Voters Divided Over Whether to Recall Davis

Overall, 50% support the effort to remove the governor, while 45% oppose it. Republicans appear more likely to go to the polls.

August 23, 2003|Mark Z. Barabak | Times Staff Writer

California voters are closely divided over whether to recall Gov. Gray Davis and are concerned that the election might result in confusion and spawn future attempts at political payback, according to a new Los Angeles Times poll.

The survey, which ended Thursday night, finds a state nearly cleaved in half by partisan divisions. Democrats are overwhelmingly negative in their assessments of the recall process, while Republicans view the Oct. 7 vote in largely positive terms.

But in signs of danger for Davis, Republicans appear much more energized by the off-year election, meaning they are more likely to vote. At the same time, the governor has the support of just three in four of his fellow Democrats. Eighty-three percent of Republicans favor recalling him.

Overall, 50% of likely voters said they supported the effort to turn Davis out of office, while 45% were opposed. Most said their minds were firmly made up: Just 5% of those surveyed said they were still deciding how to cast their ballots.

Still, a great deal of uncertainty surrounds the election. The vote is unprecedented in California, and a gubernatorial recall effort has succeeded only once in the nation's history.

Turnout on Oct. 7 will be decisive and, given the unusual nature of the race, it is difficult to project exactly who will take part in the vote, which is just a little more than six weeks away. (The figures in the Times poll assume a disproportionately high Republican turnout.)

Other recent polls have shown stronger support for the recall effort. Susan Pinkus, director of the Times Poll, said that may reflect the timing of the surveys. "The dust has settled; people are becoming more pragmatic, realistic and serious about it," she said.

The Times Poll interviewed 1,351 registered voters between Aug. 16 and Aug. 21. Among them were 801 voters deemed likely to cast ballots in the recall election. The margin of sampling error for likely voters is plus or minus 3 percentage points.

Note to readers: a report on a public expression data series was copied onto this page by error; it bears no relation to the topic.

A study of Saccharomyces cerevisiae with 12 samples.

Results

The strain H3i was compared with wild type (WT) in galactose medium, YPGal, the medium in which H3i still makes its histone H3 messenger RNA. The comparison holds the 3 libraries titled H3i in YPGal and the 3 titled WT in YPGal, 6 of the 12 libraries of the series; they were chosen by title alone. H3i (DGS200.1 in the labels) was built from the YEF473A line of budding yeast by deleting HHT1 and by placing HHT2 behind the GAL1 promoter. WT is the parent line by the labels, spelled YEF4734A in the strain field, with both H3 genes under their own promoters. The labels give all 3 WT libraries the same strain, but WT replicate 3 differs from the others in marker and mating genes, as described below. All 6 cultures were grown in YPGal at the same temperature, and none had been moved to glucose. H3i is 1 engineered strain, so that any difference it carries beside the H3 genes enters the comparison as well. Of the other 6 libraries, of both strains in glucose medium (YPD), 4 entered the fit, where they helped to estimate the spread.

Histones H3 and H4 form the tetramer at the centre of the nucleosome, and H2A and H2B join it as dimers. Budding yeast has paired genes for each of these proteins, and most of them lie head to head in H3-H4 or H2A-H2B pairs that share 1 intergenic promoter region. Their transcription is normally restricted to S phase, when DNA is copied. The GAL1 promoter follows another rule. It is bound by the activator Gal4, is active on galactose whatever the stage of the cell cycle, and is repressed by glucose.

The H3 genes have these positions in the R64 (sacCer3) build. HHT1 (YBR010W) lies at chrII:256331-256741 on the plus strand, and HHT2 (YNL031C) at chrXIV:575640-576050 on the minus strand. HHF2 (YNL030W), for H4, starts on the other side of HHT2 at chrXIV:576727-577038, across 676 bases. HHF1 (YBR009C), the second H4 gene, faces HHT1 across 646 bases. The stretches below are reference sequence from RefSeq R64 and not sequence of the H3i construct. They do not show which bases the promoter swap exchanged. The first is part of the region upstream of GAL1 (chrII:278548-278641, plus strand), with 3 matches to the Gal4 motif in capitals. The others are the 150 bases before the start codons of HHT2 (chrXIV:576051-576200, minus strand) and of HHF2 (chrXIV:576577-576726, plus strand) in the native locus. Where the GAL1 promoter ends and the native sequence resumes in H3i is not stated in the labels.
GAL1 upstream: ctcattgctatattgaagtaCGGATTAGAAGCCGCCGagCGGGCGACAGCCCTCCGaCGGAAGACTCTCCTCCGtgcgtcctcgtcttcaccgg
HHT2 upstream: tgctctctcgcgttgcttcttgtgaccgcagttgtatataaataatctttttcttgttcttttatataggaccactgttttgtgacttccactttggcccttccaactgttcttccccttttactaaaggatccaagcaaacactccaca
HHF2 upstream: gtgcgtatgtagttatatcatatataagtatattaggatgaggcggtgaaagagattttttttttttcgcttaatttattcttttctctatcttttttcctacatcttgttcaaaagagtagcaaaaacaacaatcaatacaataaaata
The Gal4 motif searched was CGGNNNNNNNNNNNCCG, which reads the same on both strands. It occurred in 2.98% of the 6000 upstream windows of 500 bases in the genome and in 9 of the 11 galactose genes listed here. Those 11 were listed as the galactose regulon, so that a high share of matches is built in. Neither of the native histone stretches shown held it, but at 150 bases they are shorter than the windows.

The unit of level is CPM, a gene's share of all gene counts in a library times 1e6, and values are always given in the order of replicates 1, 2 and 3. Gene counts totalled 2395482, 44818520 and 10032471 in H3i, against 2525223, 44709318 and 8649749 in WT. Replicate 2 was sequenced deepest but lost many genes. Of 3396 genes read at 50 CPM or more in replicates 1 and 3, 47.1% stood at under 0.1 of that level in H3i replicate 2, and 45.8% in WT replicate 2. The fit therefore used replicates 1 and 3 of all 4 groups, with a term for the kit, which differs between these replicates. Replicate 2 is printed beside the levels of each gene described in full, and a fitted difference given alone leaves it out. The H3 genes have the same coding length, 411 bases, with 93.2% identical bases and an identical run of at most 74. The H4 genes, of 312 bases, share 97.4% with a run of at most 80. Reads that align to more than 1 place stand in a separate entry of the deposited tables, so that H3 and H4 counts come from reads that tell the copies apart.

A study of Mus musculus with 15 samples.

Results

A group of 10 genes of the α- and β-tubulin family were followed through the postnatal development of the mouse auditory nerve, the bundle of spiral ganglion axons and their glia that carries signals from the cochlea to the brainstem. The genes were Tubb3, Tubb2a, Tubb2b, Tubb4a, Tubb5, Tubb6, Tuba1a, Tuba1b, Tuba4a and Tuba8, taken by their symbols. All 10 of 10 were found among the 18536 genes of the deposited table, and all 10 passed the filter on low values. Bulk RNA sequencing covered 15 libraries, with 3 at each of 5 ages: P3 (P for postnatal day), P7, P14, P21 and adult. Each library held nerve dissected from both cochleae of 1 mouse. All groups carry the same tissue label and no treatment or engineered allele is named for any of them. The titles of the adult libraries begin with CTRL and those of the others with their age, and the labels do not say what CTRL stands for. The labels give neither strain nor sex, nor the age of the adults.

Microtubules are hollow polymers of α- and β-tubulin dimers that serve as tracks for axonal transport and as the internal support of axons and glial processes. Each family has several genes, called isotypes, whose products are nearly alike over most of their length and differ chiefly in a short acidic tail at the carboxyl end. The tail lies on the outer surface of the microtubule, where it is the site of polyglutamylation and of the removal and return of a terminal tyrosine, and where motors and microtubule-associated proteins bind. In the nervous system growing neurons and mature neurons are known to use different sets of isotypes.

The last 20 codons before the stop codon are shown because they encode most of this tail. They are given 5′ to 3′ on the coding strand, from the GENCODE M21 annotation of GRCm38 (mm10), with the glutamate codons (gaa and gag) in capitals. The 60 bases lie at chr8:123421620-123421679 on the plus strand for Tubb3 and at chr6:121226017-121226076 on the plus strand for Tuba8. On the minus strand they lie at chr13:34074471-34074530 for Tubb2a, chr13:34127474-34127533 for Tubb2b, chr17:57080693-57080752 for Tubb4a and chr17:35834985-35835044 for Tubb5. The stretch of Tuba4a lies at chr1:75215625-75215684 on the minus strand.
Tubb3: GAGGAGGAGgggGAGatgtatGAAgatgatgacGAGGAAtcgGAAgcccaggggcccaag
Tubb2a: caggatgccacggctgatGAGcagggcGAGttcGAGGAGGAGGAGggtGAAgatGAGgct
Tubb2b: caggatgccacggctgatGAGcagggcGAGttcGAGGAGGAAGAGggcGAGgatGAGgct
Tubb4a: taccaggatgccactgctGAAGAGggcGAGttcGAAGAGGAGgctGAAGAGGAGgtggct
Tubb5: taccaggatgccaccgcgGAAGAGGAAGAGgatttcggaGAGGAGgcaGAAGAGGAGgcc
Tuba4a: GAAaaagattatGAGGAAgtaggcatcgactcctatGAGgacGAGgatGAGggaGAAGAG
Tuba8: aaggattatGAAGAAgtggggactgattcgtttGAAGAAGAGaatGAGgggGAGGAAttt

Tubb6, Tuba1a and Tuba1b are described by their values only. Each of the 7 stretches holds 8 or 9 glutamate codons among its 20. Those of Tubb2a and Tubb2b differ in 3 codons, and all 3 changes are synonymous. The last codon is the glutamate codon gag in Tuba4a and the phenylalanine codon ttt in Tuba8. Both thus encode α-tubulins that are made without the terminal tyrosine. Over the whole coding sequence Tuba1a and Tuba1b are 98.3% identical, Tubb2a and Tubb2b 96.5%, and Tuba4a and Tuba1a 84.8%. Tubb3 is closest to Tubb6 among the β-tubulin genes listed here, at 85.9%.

The survey turned up a deeply sour mood among Californians, with Davis -- the central figure in the recall drama -- bearing the brunt of that dissatisfaction.

Nearly eight in 10 likely voters said things in California were headed in the wrong direction, and nearly seven in 10 said the economy was in bad shape. Asked whom they blamed, a third said Davis was responsible for the weak economy, while the Legislature, controlled by Democrats, was faulted by 27%. Just 17% suggested that President Bush was responsible, despite Davis' assertions that national economic problems have dragged California down.

Overall, 72% of likely voters disapproved of Davis' job performance, including more than half of his fellow Democrats. Only 26% of likely voters approved.

One Democrat polled is Kimberly Perez, 33, a veterinary student in the Central Valley town of Galt. "I'm just not satisfied with the way the state's going right now," she said in a follow-up interview.

Specifically, she cited Davis' handling of the 2001 energy crisis and the cuts made to education as part of the budget he signed earlier this month.

"I just don't think he reacted soon enough to what was going on in our state," Perez said.

Davis' image as a poor leader is widely held and the main reason that likely voters said they wanted to oust him from office, less than a year after he won election to a second term. One in three of those who said they would recall him cited "mismanagement" as the reason, and 19% cited the energy crisis, which helped foster the governor's reputation for indecisiveness.

Even the vast majority of those opposed to the recall effort were not overly fond of the governor, citing concerns about the process -- rather than personal regard for Davis -- as the reason they were against the move to bounce him from office.

Roughly one in five of those opposed to the recall effort said the governor had been reelected fairly and deserved to serve a full four-year term. Thirteen percent cited the estimated $66 million cost, and 13% said the election was simply a "stupid idea."

"I don't think that's the way government ought to be run," said Andrew Culbreath, a 70-year-old Panorama City retiree and Democrat. "The recall is for cases of malfeasance or misuse of office. I don't think it should be used because you disagree with their policies."

Even though a plurality of likely voters said they favored recalling Davis, there is still concern -- and confusion -- about how the election will proceed.

The balloting will be a two-step process. First, voters will be asked whether or not Davis should be removed from office. Then, regardless of how-- or if -- they voted on that question, they can vote to choose his successor. If more than 50% favor recalling Davis, the candidate with the most votes on the second half of the ballot will take office as soon as election results are certified.

The survey found that nearly one in three voters was confused about how the election works, or was unsure about how to proceed upon receiving a ballot.